Last year we made a Pottery Barn Knock-Off Farmhouse Bed.
It still makes my heart go pitter-patter.
Now that we’ve moved (more on that when I can find my camera cord), I thought it would be a good time to update you on the “state of the bed” and what we’ve learned. It’s actually a couple of months shy of being a full year since we made this bed.
I mentioned at the time of my original post that this bed is made of all wood and is heavy. I cannot emphasize the word HEAVY enough here.
If you EVER plan on moving again, please take this into account before you build the bed.
The headboard and footboard are manageable with a two-person team and you can detach them from the bed frame. (My husband and I have man-handled those pieces. It wasn’t pretty, but we got the job done.)
The heaviest part is the horizontal frame where the mattress lies. This picture below shows the pretty part of the frame before we attached some thin plywood on top of those horizontal slats. The instructions call for this layer in order to support the mattress and that makes sense.
Keep in mind that we assembled the frame in the bedroom where the bed was going to be. It’s a good thing we did! Otherwise, our guests might have been sleeping in the garage.
I’m sure someone out there is wondering why we didn’t just dismantle the frame? We did put it together, can’t we just take it apart?
#1. That sucker is heavy. We hired a moving company to move our piano and asked them to take this bed as well. It’s clearly not as heavy as a piano, so while awkward because of its size, their team of pros could handle it. So, that’s a nice way of saying it became someone else’s problem!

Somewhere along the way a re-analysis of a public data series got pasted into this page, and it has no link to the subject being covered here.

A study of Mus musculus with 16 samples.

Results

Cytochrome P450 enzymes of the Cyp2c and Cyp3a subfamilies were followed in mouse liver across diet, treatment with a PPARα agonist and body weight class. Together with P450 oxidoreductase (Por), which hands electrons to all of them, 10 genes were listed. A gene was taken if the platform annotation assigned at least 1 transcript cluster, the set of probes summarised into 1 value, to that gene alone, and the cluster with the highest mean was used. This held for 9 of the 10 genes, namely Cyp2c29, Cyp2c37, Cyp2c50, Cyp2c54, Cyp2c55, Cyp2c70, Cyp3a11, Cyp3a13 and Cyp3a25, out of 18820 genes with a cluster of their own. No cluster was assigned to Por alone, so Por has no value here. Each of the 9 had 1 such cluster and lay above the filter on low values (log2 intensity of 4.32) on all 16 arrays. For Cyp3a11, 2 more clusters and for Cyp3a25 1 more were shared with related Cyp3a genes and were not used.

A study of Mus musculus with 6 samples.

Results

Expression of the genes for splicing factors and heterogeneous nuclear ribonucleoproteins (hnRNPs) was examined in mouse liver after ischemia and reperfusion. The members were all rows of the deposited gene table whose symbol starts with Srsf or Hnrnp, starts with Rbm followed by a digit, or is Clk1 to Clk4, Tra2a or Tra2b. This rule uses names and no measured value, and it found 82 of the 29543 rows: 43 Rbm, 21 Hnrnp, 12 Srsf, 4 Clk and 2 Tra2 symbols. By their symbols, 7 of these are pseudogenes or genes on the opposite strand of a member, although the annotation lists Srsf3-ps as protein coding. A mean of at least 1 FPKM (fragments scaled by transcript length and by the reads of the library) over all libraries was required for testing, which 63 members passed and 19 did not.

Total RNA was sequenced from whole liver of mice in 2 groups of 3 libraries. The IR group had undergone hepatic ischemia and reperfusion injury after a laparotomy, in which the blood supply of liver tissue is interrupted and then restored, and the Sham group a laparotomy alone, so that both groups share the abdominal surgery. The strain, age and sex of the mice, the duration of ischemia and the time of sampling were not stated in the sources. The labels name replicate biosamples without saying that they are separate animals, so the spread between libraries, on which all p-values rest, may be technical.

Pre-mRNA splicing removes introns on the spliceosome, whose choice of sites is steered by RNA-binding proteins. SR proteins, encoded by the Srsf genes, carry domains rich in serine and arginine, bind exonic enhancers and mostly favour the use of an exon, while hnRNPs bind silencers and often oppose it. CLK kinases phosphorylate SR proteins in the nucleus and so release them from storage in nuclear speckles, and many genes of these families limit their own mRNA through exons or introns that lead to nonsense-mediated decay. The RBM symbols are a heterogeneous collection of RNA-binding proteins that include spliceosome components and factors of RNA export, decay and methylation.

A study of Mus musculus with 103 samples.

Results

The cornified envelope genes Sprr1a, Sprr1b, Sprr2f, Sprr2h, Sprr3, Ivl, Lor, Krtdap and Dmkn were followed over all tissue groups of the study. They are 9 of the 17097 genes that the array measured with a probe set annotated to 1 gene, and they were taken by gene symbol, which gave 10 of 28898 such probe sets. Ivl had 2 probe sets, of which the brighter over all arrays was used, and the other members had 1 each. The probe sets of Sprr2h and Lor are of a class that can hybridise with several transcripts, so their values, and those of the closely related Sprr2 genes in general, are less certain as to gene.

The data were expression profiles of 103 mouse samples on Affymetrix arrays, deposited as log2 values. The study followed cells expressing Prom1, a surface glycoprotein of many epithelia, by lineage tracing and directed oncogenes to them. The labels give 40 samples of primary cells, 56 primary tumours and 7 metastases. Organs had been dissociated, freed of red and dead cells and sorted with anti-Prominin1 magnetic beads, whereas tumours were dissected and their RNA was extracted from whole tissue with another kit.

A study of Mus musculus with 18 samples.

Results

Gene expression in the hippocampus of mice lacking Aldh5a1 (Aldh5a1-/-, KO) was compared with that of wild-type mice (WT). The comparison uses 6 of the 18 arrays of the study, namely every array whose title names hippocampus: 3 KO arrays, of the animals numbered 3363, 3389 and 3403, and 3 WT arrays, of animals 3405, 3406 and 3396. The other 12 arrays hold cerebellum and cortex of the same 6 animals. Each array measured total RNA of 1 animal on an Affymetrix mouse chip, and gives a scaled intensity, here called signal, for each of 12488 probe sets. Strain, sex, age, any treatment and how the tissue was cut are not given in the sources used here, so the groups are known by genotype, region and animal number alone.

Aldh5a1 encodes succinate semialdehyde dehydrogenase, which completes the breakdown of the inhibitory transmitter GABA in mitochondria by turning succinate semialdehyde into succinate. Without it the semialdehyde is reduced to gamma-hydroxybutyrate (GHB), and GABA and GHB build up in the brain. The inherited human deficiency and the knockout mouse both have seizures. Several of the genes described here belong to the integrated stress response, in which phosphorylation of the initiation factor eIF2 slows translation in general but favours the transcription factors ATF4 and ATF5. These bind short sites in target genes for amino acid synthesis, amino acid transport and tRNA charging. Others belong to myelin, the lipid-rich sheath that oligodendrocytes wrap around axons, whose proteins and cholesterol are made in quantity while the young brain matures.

#2. The real reason we did not dismantle it is because it is screwed AND glued together. If it was just screwed, you’d be good. Because of the glue you are…out of luck. You thought I was going to say something else, huh? I totally was. 🙂
Now, the other SUPER important thing we learned, aside from being careful where you use glue, is that you should use lag bolts and not screws to attached the headboard and footboard to the mattress frame.
The Ana White directions called for screws. Again, this is fine if you are never ever ever ever ever going to take apart the bed and move it.
When we went to take apart the bed, several of the screws were stripped. We barely got the headboard and footboard detached from the frame. We didn’t have one of those magic devices to get out stripped screws. So we were definitely Googling the best way to handle the situation.
Let me just say, it’s best not to whip out the saw to try and cut the screws in half after you put your kids to bed. Trust me.
Next time though, we would only make the headboard and footboard and attach them to a regular metal bed frame. It would make the moving process much happier! And with us, there is definitely going to be a next move!
If you are considering making this bed, I hope learning from our experiences helps you! Let me know how it goes! I’d love to see pictures.